Defence Minister A K Antony appears to be backing the army which is unwilling to review the clean chit it has given to five of its personnel in the alleged fake encounter in Pathribal, a decision that has generated outrage in Jammu and Kashmir.
The army recently announced that it was closing the case relating to the encounter in which five civilians were killed 14 years ago in Pathribal in South Kashmir. CBI had filed a charge sheet against four army officers, including a Brigadier, and a subedar.
Chief Minister Omar Abdullah, state's political parties and general public reacted sharply to the army's decision and pressed for a reconsideration. Omar took up the matter with Prime Minister Manmohan Singh during his recent visit to Jammu.
The prime minister is believed to have told Antony to take a fresh look but he is said to be against that.
Repeated e-mails and phone calls to the defence ministry for a reaction, brought forth no response.
Army headquarters, however, said, "We have given our report to the Chief Judicial Magistrate and now it’s up to them to take whatever action they think is appropriate".
The only course for the state government now is to act through judiciary.
The chief minister had recently said on the floor of the State Assembly that "in case we have to proceed through a writ petition in the high court, we will surely do it. We are committed to ensuring justice to the people in these cases (Pathribal)".
After digging their heels for over five years, army had to bow down to a Supreme Court directive in May 2012 and institute court martial proceedings against five Armymen –the then Brigadier Ajay Saxena, Lt Col Brajendra Pratap Singh, Major Sourabh Sharma, Major Amit Saxena and Subedar Idrees Khan. All these officer had been charge sheeted by the CBI.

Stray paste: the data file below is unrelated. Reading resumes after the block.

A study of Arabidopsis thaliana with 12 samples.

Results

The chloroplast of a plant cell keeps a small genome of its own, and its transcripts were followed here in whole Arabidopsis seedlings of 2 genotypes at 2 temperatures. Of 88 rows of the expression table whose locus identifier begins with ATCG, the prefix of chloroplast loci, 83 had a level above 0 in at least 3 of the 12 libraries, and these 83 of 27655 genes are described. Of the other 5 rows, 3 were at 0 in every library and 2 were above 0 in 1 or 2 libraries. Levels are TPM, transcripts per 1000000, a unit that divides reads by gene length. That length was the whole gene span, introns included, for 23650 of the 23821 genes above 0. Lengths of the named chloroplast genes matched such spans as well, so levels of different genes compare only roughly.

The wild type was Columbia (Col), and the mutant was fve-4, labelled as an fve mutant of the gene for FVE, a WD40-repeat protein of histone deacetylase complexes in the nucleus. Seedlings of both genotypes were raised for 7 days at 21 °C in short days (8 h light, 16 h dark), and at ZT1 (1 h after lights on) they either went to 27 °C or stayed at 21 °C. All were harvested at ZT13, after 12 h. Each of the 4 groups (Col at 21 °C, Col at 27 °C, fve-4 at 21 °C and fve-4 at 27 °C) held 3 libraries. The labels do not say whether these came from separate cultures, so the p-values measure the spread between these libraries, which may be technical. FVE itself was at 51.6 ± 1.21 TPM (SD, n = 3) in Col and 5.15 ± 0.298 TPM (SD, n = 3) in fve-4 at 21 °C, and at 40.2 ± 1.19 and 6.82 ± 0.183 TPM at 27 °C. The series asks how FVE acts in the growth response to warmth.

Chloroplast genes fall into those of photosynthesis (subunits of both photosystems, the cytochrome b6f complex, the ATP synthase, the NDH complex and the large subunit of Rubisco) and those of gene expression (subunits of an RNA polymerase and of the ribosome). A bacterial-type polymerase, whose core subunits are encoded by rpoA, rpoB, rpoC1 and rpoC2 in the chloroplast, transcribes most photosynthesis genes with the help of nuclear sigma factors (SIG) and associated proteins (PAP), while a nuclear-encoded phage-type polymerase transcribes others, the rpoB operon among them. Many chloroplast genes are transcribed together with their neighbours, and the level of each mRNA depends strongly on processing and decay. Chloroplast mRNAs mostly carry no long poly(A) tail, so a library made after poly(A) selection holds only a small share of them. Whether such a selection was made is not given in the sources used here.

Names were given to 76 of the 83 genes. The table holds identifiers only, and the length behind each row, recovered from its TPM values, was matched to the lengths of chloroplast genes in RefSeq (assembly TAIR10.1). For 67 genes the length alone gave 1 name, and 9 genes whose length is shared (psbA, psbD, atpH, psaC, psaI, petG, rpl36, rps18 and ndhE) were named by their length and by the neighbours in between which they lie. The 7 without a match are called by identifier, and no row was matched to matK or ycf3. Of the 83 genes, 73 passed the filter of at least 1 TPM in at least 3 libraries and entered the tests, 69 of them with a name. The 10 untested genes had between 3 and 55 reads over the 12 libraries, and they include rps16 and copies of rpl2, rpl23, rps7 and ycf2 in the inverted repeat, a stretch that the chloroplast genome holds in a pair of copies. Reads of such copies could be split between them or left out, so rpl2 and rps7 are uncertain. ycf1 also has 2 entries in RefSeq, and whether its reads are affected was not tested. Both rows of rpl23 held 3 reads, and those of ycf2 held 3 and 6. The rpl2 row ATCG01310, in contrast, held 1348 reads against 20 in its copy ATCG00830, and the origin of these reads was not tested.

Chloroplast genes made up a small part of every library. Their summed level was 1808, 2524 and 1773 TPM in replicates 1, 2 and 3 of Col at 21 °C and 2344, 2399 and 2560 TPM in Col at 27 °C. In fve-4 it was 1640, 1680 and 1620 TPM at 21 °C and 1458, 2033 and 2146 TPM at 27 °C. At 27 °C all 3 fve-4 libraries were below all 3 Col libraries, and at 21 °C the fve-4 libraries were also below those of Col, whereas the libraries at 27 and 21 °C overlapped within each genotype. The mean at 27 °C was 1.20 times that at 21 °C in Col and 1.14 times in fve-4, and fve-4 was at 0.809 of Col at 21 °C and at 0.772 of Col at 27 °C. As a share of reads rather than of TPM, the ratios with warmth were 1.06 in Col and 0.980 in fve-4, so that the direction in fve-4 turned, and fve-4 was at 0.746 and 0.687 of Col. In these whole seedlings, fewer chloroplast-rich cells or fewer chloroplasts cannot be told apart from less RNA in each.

On January 23 this year, the army decided to close the case against its men and submitted a report to Chief Judicial Magistrate in Srinagar claiming that their was no evidence against the then Brigadier
All the five army personnel had been charge sheeted by the CBI for allegedly staging a fake encounter and labelling the five abducted civilians as foreign terrorists involved in the massacre of 35 Sikhs at Chittisinghpora on March 20, 2000.
The civilians were killed on March 25, 2000.
CBI, in its charge sheet, had alleged that the incident was a 'cold-blooded murder' and charged the five soldiers with offences including criminal conspiracy, murder and kidnapping in 2006.
The Army had contended that the CBI could not file a charge sheet against its men citing section 7 of the Armed Forces Special Powers Act, a provision which provides immunity from prosecution to members of security forces unless permission to prosecute in a civilian court is sought from the central government.
In May 2012, the Supreme Court gave Army the option to hand over the accused Army personnel to the civilian courts, or to try them by court-martial. However, 18 months later, the Army announced that the case is closed citing "lack of evidence" as the reason.